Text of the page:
Locals weigh in on New Year's resolutions

Locals weigh in on New Year's resolutions »Play Video

YAKIMA/TRI-CITIES, Wash.-- We all have the best intentions. We roll out of bed on New Year's day and say 'this is the year I'm gonna stick to my resolutions.' The gyms are packed and at least for the next week or so. Fast food chains will see a slight decline in business.  

January first marks the beginning of a new year. Higher minimum wage, new laws, and new years resolutions.

"What is your new years resolution?" KIMA asked Yakima Resident Martin Koreski.
"I would say to be a better person and nicer to others," he responded. 

Martin has a plan to keep his.

"Smile more and say 'hi' and just kind of spread joy around," Koreski said. 

A goal he'll try to keep but admits it could be a struggle to hold to it for 365 days. That struggle is the reason Sheila Leskinen takes a different approach.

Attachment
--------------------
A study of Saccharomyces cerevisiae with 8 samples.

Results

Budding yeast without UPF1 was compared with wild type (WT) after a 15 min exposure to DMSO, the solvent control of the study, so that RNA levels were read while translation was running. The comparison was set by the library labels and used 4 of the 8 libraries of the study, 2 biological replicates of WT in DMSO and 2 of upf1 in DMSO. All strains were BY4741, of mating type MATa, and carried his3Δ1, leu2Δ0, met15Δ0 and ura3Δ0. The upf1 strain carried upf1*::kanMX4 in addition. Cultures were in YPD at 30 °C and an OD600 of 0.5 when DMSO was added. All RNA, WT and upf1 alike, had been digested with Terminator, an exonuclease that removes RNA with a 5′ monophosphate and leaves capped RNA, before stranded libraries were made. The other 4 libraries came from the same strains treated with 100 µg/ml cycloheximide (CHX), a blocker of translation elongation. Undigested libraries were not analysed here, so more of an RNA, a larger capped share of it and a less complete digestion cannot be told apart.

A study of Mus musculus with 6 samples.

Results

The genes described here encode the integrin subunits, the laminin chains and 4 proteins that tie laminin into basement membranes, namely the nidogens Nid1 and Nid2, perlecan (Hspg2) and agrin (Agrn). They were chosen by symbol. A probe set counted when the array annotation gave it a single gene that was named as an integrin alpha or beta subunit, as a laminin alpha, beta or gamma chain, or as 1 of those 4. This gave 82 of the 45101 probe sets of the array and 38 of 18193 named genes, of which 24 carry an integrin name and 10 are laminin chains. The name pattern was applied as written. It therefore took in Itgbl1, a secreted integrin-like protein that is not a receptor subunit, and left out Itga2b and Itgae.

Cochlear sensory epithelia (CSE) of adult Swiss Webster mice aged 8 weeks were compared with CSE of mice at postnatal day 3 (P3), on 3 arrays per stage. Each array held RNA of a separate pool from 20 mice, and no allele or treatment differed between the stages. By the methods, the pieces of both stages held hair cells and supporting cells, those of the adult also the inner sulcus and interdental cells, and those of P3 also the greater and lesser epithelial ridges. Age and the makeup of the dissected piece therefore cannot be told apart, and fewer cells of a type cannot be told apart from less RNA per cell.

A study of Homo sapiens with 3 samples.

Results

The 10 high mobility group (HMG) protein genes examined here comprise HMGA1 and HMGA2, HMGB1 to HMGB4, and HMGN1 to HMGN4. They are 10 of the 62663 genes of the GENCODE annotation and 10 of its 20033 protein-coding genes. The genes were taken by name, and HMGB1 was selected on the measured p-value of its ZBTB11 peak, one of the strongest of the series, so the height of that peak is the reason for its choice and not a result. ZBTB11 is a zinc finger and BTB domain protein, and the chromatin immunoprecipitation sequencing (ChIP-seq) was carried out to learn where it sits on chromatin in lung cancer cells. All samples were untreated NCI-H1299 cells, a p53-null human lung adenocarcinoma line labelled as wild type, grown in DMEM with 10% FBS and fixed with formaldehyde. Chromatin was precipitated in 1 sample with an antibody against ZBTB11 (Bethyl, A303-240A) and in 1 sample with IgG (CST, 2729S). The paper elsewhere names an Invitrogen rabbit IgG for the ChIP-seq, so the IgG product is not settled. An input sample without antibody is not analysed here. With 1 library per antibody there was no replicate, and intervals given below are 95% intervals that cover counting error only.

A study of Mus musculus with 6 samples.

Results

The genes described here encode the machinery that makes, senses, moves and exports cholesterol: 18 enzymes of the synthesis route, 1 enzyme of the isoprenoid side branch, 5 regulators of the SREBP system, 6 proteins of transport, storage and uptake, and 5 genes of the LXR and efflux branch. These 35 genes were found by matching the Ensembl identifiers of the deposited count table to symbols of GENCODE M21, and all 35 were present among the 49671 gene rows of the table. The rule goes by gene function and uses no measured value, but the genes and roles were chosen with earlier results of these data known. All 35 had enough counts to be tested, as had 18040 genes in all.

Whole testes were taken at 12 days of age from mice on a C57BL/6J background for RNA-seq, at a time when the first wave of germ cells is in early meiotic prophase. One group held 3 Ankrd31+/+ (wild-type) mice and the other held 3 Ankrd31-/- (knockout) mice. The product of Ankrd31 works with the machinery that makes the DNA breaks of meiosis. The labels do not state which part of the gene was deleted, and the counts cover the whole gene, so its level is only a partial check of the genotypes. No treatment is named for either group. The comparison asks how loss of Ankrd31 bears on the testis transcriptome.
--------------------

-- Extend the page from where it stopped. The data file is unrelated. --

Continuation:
"I don't make new years resolutions anymore," she said. "I used to do that all the time and I would never, I'd never stick to them."

Sheila says she makes goals every few months and renews the ones that have worked. As a gym regular, she sees the increase of people at the start of each year.
    
"There's a lot more people here, yes and especially, well over the holidays there was a lot of people here too," Leskinen said. "People tend to overeat."

Gyms willingly take the business. Local athletic clubs are advertising deals for memberships knowing people will snatch them with a discount.

The lack of snow made it easier for some to go out for a walk. Diet and exercise top the list of most common resolutions. Either way, many hope to keep their resolutions-- fighting the statistic that has made our area one of the chubbier regions in the state.